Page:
Emerging economy policymakers are wailing, understandably. But they can’t expect some magical coordination of global monetary policy. U.S. tightening is essential to curb global bubbles. Emerging markets are the first victims. They won’t be the last.
The complaints are loud. “International monetary cooperation has broken down,” says Raghuram Rajan, the head of India’s central bank. Alexandre Tombini, his Brazilian counterpart, speaks of rising developed market interest rates as a “vacuum cleaner” which sucks emerging economies into turmoil.
It is a total reversal from 2010, when Brazil warned about “currency wars,” a colourful phrase for the effects of ultra-loose American monetary policy. Then devaluing dollars flowed out into emerging markets, pushing up their currencies. Now the money is coming home. Brazil, India and Turkey are among the major emerging economies to have to increase their interest rates, to slow down the outflow, the currency falls and the inflation, slowing growth in the process.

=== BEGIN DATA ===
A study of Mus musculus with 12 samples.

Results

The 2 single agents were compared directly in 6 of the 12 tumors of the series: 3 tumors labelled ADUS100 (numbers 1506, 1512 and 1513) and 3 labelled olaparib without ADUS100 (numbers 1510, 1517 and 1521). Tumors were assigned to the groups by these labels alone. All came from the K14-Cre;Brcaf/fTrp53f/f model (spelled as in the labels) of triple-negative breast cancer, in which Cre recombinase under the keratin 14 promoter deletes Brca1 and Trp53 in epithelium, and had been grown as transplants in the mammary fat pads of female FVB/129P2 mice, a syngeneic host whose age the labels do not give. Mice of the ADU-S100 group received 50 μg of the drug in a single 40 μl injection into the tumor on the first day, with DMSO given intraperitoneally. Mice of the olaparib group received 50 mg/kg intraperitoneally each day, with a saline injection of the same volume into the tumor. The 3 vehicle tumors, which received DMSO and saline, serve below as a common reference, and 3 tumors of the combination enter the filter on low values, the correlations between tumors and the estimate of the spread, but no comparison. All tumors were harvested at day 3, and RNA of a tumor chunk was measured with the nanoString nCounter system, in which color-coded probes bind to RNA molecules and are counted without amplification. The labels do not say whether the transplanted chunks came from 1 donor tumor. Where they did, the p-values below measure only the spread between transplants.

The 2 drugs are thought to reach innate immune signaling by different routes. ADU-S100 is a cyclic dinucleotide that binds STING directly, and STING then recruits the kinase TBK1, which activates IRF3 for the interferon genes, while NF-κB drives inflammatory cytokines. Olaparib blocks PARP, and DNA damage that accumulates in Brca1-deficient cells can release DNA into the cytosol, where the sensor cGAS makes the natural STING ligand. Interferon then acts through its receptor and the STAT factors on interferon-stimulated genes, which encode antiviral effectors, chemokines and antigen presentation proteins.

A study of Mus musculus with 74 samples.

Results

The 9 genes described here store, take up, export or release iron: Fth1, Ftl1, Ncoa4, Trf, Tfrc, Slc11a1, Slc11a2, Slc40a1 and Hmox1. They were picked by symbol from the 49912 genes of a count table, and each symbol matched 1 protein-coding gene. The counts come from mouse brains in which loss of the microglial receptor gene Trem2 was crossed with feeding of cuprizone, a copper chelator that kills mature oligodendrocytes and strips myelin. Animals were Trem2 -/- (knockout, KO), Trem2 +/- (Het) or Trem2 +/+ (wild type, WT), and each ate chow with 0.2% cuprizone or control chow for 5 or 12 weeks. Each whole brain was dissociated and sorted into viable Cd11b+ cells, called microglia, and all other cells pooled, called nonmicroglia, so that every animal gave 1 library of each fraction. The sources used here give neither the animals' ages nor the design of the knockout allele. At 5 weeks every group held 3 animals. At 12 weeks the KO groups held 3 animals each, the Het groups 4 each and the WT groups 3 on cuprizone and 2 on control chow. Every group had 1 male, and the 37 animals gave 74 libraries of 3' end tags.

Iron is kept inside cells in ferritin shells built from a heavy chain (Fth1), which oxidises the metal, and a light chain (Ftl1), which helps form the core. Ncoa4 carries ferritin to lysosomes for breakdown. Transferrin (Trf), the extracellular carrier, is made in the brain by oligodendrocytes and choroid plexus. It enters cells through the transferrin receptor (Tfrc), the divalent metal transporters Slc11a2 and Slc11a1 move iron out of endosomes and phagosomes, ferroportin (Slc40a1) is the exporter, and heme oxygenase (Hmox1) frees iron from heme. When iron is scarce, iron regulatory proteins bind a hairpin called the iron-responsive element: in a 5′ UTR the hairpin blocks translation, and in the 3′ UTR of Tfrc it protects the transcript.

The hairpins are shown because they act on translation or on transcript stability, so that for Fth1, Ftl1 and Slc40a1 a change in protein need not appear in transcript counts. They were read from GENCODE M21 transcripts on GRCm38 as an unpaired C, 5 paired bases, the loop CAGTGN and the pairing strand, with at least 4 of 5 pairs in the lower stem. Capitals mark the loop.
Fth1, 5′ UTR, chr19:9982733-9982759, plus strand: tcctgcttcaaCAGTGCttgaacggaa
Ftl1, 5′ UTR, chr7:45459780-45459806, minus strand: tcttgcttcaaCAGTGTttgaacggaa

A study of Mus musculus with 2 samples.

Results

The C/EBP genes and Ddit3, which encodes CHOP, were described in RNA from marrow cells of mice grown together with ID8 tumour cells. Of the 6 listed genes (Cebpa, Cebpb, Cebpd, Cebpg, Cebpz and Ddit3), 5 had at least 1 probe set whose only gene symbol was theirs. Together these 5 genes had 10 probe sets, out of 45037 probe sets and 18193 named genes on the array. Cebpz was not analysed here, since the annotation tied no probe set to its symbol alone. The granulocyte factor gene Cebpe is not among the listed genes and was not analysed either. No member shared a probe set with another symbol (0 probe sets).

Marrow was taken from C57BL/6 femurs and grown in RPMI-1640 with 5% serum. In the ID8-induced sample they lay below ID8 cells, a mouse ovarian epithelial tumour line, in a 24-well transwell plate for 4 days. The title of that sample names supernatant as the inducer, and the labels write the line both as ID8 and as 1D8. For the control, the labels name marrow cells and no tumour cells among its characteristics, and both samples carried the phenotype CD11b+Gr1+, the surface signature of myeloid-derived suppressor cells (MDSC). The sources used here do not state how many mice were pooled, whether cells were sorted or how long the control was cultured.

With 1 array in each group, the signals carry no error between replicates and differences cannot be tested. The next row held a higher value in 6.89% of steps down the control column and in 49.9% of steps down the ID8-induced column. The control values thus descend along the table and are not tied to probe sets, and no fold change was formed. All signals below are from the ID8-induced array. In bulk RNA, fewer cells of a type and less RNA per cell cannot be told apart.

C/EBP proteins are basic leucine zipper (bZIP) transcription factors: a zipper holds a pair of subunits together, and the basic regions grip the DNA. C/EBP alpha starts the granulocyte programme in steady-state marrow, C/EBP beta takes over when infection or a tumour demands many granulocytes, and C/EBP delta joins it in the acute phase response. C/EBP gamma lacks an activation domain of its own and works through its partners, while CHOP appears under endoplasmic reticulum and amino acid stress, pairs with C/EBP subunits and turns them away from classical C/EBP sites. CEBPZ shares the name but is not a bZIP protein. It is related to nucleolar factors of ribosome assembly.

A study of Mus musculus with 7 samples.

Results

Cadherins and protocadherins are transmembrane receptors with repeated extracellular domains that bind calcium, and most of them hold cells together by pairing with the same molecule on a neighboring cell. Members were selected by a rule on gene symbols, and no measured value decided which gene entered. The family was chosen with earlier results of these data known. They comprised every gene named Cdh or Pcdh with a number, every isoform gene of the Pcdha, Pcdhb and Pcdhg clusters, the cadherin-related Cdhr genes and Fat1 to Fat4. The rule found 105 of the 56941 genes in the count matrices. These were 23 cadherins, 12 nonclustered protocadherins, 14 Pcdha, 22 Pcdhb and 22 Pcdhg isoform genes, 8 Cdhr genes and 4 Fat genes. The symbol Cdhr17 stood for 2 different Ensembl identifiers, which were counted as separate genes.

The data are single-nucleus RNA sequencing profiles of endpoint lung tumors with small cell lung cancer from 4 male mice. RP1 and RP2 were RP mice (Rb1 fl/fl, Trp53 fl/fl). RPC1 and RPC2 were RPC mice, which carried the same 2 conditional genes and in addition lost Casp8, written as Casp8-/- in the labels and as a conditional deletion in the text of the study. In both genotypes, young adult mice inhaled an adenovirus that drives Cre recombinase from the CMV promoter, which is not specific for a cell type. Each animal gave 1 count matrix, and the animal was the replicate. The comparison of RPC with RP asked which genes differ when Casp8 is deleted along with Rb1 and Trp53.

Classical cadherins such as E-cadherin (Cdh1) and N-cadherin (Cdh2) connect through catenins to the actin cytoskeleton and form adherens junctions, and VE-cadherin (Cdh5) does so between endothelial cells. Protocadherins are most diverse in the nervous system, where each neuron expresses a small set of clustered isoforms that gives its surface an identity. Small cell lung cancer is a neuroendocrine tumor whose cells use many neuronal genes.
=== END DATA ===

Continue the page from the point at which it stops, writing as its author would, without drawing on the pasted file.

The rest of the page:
But the laments are not useful. The larger bubbles get, the more dangerous they become. The tightening of monetary policy by the U.S. Federal Reserve is already belated. Its money-printing has pushed many asset prices up to unhealthy levels – and bond and commodity prices are among those already coming back down. “There are so many countries that are looking bubbly,” said Robert Shiller, the Nobel prize-winning economist, of global property prices.
Moreover, many emerging economies – including Brazil, India and Turkey – have exacerbated their weakness through bad policies or inadequate reforms. The receding capital tide has exposed their problems. Progress won’t come easily, though currency weakness and stronger developed country growth will assist exports. But emerging economies’ rebirth will take years, not months.
The emerging turmoil is not great enough to hurt global growth much — provided China keeps growing. But the problems nonetheless hold a warning for developed markets. Even though U.S. and European growth is improving, stocks that raced ahead on loose money in 2013 have faced a difficult January. It is hard to see how global equities can avoid losing further ground this year. Emerging markets won’t be the only ones lamenting a 2014 in which Fed money-printing ends.